Robert Plant has a longstanding relationship with pages. Perhaps most famously with one named Jimmy who played a mean double-necked guitar. Yet Robert Plant, who provided his wailing, gutsy vocals and over-saturated swagger to Led Zeppelin for many years, is no stranger to the bookstore. Between all the rock and roll clichés he managed to find the time to escape from his life of limousines, psychotropic substances, world travel and ridiculous wealth in the very same way so many of us do.
Well. The things we escape from might differ slightly (are cubicles a rock and roll cliché? How about a long line at the grocery store? They probably are.). But Robert Plant reads, and though his jeans were probably too tight to hold a busted up novel in the back pocket, books have colored his music and his life along the way.
Right around the time Led Zeppelin were filling arenas with fans, folks were rediscovering the works of J.R.R. Tolkien in a bit of a renaissance. Somewhere along the way, Plant picked up his copy of The Fellowship of the Ring and his spirit was whisked away to the Misty Mountains forever and ever amen. References began to creep like Sméagol into his lyrics, sometimes explicitly (ummmm Ramble On is all hobbits all the time, and if you believe the Ringwraiths riding in black during The Battle of Evermore could mean any number of things, you and I will have to agree to disagree) and sometimes implicitly (I’m not the first person to believe that Stairway to Heaven is a shortcut to Middle Earth, but this doesn’t seem like the time or place for a convoluted rambling on and on). The landscape of their songs began to change from the beer hall grit of England’s Black Country to the rolling hills and ominous crags of a more mythic place.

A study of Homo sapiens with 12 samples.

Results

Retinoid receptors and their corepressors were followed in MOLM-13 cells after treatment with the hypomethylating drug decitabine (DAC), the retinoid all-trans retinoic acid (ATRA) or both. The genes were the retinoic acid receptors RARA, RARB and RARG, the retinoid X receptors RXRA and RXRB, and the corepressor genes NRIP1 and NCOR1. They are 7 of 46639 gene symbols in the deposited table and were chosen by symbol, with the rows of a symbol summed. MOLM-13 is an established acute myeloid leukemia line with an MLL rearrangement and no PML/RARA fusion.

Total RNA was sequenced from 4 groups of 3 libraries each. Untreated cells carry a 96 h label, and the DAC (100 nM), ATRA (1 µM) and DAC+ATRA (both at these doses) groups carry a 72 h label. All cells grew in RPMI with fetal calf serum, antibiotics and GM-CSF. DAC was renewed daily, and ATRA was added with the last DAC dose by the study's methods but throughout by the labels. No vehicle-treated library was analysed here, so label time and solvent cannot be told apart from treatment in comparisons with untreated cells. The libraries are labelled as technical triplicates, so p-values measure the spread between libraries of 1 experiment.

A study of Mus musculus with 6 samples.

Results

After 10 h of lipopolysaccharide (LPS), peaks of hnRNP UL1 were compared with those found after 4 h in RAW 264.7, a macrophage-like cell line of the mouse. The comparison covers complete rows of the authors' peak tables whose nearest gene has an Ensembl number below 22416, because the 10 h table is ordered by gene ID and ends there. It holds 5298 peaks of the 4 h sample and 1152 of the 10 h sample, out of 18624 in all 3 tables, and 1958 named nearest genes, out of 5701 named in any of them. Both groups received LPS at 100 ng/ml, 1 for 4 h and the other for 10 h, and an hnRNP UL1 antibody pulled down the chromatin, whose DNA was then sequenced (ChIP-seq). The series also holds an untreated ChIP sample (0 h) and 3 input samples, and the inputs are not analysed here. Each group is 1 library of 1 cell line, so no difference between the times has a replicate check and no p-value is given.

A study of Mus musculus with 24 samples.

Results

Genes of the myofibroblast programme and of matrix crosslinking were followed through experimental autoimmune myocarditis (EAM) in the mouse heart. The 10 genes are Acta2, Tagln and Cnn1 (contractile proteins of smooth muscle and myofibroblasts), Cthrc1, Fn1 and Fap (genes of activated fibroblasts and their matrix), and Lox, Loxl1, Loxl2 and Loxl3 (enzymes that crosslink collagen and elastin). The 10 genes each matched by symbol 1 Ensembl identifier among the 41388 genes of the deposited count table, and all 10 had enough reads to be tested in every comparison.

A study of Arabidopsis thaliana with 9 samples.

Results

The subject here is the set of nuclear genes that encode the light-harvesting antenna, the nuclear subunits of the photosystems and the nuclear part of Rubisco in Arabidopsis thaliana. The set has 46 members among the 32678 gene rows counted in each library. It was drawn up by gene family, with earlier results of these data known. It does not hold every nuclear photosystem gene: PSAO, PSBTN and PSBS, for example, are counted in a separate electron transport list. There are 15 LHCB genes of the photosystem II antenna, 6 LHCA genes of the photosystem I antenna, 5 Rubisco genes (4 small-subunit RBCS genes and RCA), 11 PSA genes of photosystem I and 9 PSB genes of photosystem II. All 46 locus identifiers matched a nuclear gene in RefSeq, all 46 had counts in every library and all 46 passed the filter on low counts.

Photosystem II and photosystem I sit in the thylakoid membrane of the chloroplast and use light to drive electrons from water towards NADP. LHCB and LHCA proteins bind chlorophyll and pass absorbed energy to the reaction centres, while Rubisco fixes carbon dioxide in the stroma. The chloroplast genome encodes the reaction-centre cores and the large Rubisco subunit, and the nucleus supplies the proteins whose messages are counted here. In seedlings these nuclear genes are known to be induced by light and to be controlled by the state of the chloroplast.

Another far away place eventually caught Robert’s eye and imagination: The United States. Though its history and myths contain fewer halflings, Robert Plant swooned over its musical and cultural roots. One does not have to trace the American family tree far to find the history of American Indians and many cultures that were appropriated, distorted, and slapped onto TV and movies right around the time Plant was growing up. His curiosity and hunger to know the true story that lies beneath the 1950s veneer led him to a book that provided an entry point. It was Neither Wolf Nor Dog .
The book recounts the journey of author Kent Nerburn as he travels into Indian Country of the Dakotas to work with an elder looking to turn his thoughts into a book. (It recently became a film, as it happens.) While many critical things can be fairly said of the old chestnut that is a white hero’s journey among people of color, the book reaches for a more respectful and honest perspective of a visitor who is moved and changed by an encounter. It spoke to many; it spoke to Led Zeppelin’s frontman. In fact, it so moved him that he penned the foreword to a recent UK edition of the book.
Say what you want about rock and roll, but in my heart of hearts it’s a kissing kindred of literature. The two often cross-pollinate, and if you’re not picturing Robert Plant in a bee costume reminiscent of a Blind Melon music video then I have failed thunderously.